Cryptozoologists Are Focused On The Study Of What?
Answer: Animals Unrecognized By Science
If you’ve found yourself watching cable television late at night, you’ve likely come across a show or two focused on people obsessed with finding Big Foot, the Loch Ness monster, or other creatures that exist in folklore but have never been formally observed, cataloged, or recognized by the scientific community.
In such cases, you’ve seen cryptozoologists at work. The practice, not a formal branch of zoology or a recognized scientific discipline, is centered on the premise that there are many creatures in the world that, despite no concrete proof of their existence, do in fact exist (and we must merely find and catalog them). Unlike zoologists or biologists (who would readily agree that there are certainly species of insects and even mammals that we haven’t discovered and cataloged yet), cryptozoologists don’t search for totally undiscovered creatures and catalog them for science, but instead tend to focus on searching for creatures purported to exist.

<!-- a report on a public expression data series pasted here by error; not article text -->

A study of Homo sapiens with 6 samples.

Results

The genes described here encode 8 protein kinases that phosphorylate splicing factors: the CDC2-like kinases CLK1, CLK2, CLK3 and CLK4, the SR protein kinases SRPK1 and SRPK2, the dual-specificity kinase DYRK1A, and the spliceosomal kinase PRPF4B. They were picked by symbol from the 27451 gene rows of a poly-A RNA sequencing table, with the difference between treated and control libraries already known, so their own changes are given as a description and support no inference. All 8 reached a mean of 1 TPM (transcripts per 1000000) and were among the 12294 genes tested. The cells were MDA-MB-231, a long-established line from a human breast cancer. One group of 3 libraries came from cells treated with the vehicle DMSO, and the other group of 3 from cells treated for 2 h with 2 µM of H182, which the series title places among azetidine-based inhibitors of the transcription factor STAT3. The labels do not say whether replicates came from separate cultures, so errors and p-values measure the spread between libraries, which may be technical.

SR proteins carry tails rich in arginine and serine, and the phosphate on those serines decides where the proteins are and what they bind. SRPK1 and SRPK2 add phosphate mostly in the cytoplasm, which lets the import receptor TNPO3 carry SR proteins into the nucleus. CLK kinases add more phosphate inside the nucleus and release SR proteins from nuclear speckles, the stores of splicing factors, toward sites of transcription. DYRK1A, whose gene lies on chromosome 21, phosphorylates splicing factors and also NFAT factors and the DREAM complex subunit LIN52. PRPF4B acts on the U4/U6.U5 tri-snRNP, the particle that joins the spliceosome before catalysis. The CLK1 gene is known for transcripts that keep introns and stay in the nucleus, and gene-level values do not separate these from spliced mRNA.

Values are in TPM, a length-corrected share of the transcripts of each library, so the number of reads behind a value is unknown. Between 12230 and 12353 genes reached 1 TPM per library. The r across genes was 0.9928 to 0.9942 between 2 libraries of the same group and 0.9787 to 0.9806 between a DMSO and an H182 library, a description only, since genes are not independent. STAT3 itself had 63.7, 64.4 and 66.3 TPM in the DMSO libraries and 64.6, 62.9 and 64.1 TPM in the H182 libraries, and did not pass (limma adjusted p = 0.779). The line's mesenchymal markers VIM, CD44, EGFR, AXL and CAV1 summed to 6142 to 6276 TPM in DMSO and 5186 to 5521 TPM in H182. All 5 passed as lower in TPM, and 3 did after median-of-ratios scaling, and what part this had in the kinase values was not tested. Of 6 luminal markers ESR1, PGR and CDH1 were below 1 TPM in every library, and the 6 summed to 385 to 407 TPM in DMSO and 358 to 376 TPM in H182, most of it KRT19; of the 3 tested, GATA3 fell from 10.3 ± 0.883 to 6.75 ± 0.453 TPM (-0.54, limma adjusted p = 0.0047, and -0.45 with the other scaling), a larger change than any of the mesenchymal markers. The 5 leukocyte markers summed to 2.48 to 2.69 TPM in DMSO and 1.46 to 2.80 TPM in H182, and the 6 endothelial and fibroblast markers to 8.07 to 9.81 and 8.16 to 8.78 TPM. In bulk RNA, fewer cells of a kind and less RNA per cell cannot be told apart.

These purported creatures are referred to as “cryptids”, a category that includes everything from the very improbable (like the claim that a bipedal blood-sucking creature, El Chupacabra, exists in the Caribbean, Central America, South America, and the southern part of North America) to the less improbable but still completely unsubstantiated (that the Eastern Cougar, extinct from the eastern United States, still roams its previous territories).
Image from the 1967 Patterson-Gimlin film, purporting to show evidence of Bigfoot.